Monday, July 13, 2015

DIY Sea Glass Vases


I'm fond of sea glass, 
so when I saw these beautiful vases at West Elm I knew I had to have one or two...


...until I saw the prices. The litty bitty bud vase is $25 -- the largest vase (still small) was $44.
It's amazing how quick I can become disenchanted when things are overpriced.

I was hopeful that I could find some sea glass vases for a better price, so I went to Hobby Lobby and found this selection on sale for 50% off. I bought the small one on the left for $12.50 on sale. Still, I wanted a better selection with different sizes and shapes of vases, so I decided to make some of my own. How hard could it be?


Let me state up front, that not all my ideas are good ones. What came next was a lot of trial and error and a bit of success.

Hobby Lobby is currently having their 90% off clearance sales right now, and, as luck would have it, there was a variety of glass vases for the taking! So, I bought a couple of large vases for about $2 each.


They might look small in the photo above, but they are actually much larger than the ones for sale at West Elm or Hobby Lobby. I also picked up the vases below for pennies, and they were already slightly tinted. So far, so good.


I began by looking up "how to make sea glass vases" on the internet and Pinterest, but I came up with very little. There is a Martha Stewart product out there, but you have to paint it on, and I didn't think it would work well on the large vases I'd bought. There's a Mod Podge technique that sounds interesting. I might try that next time. I did a little more research and found a glass paint that dries transparent. That's just what I needed for the first phase of my project.


Vitrail paint, by Pebeo, is a solvent based, transparent paint commonly used for stained glass creations. The paint dries to a hard surface and is resistance to gentle washing. I bought several colors of this paint and went to work with high hopes.

Materials:
  •  Glass vases, bottles, jars that have been thoroughly cleaned 
  • Vitrail, by Pebeo, glass paint {Hobby Lobby in Art Department, Regular price: $7.99. Use a 40% off coupon!}
  • 100% Acetone Nail Polish Remover
Instead of painting the outside, I decided to stain the inside of the vase. The size of your glass vase will determine how much paint you use. Simply pour some paint into the bottom of your vase and add a half a cap-full of acetone {100% acetone nail polish remover}. Mix the solution together -- adding a little more acetone or paint if needed. The idea is to leave the paint as thick as possible, but make it thin enough to coat the inside of the glass vase. Swirl the combined mixture around the entire interior of the vase until it is thoroughly coated. Turn the vase upside down and let the excess paint drip out of the vase. This solution can be put back into the paint container and used again on another vase. If necessary dip a cotton swab into the acetone and clean excess paint from the top of the vase. Don't be concerned if the paint looks opaque or cloudy. When the paint dries completely, it will be come transparent and have a glass-like finish. This technique worked beautifully on two of the vases {see one below}..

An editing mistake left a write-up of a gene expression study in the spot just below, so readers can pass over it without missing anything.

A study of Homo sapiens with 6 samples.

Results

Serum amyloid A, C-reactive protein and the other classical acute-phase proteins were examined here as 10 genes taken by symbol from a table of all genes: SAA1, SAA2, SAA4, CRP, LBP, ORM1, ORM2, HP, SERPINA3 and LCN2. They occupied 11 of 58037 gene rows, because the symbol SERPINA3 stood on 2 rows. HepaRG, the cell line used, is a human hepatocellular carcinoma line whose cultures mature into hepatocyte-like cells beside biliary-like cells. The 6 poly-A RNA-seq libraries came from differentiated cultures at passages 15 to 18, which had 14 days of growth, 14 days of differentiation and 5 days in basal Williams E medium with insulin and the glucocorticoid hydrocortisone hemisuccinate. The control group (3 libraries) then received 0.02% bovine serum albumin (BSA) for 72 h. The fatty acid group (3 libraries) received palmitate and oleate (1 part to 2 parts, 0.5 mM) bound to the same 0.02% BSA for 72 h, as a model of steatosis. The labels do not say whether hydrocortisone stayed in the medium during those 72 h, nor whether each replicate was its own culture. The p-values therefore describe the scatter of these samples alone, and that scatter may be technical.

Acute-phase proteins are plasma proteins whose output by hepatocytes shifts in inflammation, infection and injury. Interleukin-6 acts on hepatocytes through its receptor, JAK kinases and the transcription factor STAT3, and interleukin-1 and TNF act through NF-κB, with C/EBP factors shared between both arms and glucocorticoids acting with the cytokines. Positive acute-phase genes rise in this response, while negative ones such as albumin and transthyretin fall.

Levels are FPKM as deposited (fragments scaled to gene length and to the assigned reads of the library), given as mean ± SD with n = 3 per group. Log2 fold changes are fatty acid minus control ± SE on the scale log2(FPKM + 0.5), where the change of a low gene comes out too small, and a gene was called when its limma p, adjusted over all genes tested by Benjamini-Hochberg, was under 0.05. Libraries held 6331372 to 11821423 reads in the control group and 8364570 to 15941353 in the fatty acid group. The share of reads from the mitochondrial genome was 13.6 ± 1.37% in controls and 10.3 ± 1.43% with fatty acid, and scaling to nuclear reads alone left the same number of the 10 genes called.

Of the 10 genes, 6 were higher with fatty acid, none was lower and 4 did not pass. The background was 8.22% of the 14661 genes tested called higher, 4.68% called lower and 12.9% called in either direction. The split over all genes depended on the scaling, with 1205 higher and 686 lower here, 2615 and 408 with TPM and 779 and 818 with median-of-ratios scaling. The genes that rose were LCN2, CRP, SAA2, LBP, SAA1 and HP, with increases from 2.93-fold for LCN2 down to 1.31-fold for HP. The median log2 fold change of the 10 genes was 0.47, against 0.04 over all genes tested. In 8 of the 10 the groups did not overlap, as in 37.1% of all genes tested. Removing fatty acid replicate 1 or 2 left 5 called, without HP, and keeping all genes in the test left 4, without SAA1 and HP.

...and failed miserably on two more...



Back to the drawing board. I'm still not sure what happened, but I think the last two vases had some texture on the inside of the vase which didn't allow the paint to coat the glass thoroughly. That's my best guess. Fortunately, the Vitrail paint is solvent based, so the next morning I dumped a container of Acetone Nail Polish remover inside those two vases which dissolved the paint and cleaned them out lickity-split. I decided it's much, much easier to buy glass that is slightly tinted to begin with!

In the meantime, I'd come across a much easier and less expensive technique to help make the vases look a little more like sea glass. Simply spray the outside of the vase with a frosted glass spray. Do a little at a time and add more frosting if necessary.


When the glass frosting has dried, lightly spray a little flat white spray paint onto the glass.


A little of the white paint will go a long way.
 

Those two methods (glass frosting and white spray paint) will work together to give your vases a sea glass look, especially if the glass vase is already tinted.


These vases are going in my newly painted laundry room. They'll find a home on the top of the cupboards above the sink.


4 comments:

Chris O'Dorisio said...

Wow Suzanne, they turned out so cute!!! I love the different shapes of the vases as well. You did a great job!
I know what you mean about sea glass being pricey. We were on an anniversary trip several years ago where I saw some advertised in a store front window. When I checked on the possibility of purchasing some to bring home...OH NOOOO!! Way too much for my wallet! :) But it sure was pretty!!!

Gail Wilson said...

I really love them all!!!

beautiful job Suzanne!

pinning

gail

Nails by Gina said...

Those turned out wonderful ! I have started to love collect glass vases and bottles as well. Where you find your bottles for pennies you mentioned in here?Thank you!!

Nails by Gina said...

Those are beautiful! Where did you get your bottles for pennies? I've been everywhere and can't find. Found a few at garage sales but I want more. Thanks!